Four-voices Fugue on Basses
What a pleasure to record this with not only one Stu Hamm, but two of him!
What’s a fugue?
It is a musical composition in which a musical “theme” (called a “subject”) gets repeated over and over in various ways by various voices. A fugue is a bit like a canon on steroids. They are prime examples of contrapuntal texture which is a fancy way of saying that each voice works on its own and is independent in some ways from the other voices, yet they all work together and complement each other to form a cohesive “whole” that is much more than the sum of its parts.
I have fond memories of a very hard (but totally awesome!) series of harmony and counterpoint classes at the University of Vienna in Austria where we learned how to write simple fugues. There were lots of rules to follow and it seemed impossible to come up with a theme that would work beyond a few beats. An amazing challenge, for sure.
On Basses! (Really?)
This fugue – the first of the Well-Tempered Clavier by JS Bach, was composed for two hands operating a keyboard instrument. So, naturally, we thought – why not do it on basses! This would give us an opportunity to nerd out as we try to make four basses that are quite close in range, not sound muddy! Stu takes the lead with Voice 2 and chose the perfect bass for it – his Warwick Signature bass. Below that comes Voice 3, for which Stu used his acoustic-electric – a great way to distinguish the sounds!
I decided to use my Soprano Marleaux for Voice 1, which would stay out of the heavy low end sonically, and to bring in my six-string Consat Marleaux for the lowest voice. I used that low B string only once on the very last note for a nice fat ending.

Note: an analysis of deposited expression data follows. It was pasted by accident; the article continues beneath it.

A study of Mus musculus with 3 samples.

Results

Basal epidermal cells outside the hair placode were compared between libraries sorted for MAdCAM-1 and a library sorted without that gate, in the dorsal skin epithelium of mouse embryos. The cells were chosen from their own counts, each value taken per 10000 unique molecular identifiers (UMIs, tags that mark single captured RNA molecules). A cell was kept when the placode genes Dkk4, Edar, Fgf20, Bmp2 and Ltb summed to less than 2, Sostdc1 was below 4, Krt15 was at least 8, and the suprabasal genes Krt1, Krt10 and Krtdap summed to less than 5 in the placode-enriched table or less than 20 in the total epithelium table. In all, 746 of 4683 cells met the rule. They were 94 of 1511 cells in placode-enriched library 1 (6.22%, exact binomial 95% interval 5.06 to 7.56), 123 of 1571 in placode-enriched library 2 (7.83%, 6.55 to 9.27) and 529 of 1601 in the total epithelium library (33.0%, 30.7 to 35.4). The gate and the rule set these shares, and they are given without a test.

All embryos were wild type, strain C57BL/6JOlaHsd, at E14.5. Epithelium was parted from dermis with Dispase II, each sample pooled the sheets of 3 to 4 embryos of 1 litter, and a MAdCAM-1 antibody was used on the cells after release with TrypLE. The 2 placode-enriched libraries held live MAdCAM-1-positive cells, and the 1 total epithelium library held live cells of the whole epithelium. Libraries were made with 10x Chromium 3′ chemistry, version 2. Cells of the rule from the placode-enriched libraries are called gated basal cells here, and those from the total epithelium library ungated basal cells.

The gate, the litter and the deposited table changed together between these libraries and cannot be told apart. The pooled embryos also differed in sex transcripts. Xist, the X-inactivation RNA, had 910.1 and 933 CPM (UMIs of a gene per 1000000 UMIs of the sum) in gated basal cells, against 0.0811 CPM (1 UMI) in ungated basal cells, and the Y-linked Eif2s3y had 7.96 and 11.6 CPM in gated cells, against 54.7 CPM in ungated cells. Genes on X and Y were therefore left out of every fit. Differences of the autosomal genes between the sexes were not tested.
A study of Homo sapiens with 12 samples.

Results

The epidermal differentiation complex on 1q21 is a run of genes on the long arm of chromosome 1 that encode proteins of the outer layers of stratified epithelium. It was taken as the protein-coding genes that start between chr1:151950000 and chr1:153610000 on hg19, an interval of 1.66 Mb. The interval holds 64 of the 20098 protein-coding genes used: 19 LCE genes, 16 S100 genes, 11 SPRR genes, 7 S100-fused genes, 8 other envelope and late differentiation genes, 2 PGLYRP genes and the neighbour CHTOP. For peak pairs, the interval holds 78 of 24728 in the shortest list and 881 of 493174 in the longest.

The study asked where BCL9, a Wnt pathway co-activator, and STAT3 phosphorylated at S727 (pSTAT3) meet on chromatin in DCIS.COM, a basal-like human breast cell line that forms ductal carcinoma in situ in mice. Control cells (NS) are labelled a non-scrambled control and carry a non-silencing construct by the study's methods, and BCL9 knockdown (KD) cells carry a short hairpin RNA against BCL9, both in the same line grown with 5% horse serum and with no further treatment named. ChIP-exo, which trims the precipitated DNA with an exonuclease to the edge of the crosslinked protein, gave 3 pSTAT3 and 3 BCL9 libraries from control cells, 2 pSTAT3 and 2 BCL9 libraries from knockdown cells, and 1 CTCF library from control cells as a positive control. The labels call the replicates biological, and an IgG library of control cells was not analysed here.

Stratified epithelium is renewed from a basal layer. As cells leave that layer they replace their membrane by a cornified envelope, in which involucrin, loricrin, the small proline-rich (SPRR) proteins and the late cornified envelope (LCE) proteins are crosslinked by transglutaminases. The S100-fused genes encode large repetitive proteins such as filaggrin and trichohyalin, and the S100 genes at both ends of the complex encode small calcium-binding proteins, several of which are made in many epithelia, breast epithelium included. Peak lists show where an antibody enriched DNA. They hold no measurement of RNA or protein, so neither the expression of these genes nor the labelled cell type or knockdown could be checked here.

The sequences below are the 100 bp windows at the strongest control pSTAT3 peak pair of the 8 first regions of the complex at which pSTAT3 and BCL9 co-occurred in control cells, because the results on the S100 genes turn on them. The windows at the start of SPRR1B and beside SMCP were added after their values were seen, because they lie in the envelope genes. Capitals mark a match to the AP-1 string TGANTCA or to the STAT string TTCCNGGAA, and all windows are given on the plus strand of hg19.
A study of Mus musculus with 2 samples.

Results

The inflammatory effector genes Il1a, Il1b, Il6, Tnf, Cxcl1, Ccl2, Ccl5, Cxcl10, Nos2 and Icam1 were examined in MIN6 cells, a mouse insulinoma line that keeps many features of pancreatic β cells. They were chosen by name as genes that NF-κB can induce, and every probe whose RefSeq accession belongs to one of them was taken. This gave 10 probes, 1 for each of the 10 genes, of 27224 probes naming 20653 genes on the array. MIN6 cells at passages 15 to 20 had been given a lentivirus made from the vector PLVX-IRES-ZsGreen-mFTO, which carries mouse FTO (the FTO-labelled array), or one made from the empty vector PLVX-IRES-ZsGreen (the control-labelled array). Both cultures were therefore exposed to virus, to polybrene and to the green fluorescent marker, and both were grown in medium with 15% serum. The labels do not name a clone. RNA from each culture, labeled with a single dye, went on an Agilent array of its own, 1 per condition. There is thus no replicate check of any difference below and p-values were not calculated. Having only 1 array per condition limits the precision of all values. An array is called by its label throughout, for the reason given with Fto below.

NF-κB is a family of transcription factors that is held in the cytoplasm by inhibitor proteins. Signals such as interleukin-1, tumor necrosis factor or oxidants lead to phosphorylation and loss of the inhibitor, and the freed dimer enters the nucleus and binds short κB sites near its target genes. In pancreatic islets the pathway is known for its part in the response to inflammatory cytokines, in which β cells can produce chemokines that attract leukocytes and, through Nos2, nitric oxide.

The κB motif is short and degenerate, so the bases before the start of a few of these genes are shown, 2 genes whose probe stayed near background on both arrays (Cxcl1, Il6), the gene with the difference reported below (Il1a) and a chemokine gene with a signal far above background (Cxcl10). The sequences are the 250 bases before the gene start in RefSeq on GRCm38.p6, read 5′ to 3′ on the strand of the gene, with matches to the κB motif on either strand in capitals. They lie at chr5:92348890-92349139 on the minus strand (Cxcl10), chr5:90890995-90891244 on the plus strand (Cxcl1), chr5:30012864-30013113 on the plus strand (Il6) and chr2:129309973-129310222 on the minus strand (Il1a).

Big thanks to Stu for stepping into this labyrinth of voices with me! And to Wolf for taking on the mixing!
Here are a few mind-blowing tidbits about this piece:
- This fugue has four individual voices (four leads, if you will.)
- Even though it has only 27 bars, the theme gets quoted 24 times!
- The theme shows up in various keys – G major, C major, A melodic minor, F major, Dm… I even found one that is technically B Locrian (you hear it as C major though)!
- Sometimes the theme starts on the root, other times on the five, as well as other scale degrees (like the seventh!)
- It shows up on the upbeat of every single beat of the bar: 1-and, 2-and, 3-and, 4-and!
That there can be such beauty in repeating structures that are organized in quite sophisticated ways never ceases to amaze me. When I listen to this (or play it!) I can’t decide what is more enjoyable – to follow and appreciate the delicious complexity and depth or to just let the music take me away through a beautiful kaleidoscope of sounds. I invite you to listen and decide for yourself.
- In the video, I marked out the spots of the individual voices playing the lead by framing them with orange lines.
- I have the score – which in its original is a piano score – as individual voices for you below. I marked each occurrence of the theme with a pink star.
Thinking about playing this?
Go for it! It’s a blast! The score is above. Some voices require treble clef, but most I put in bass clef.
I don’t have TAB, but you can make your own by downloading this zip which contains compressed and uncompressed .xml files, midi as well as the Musescore version. Pull into your favorite notation software and create TAB there, if that helps you.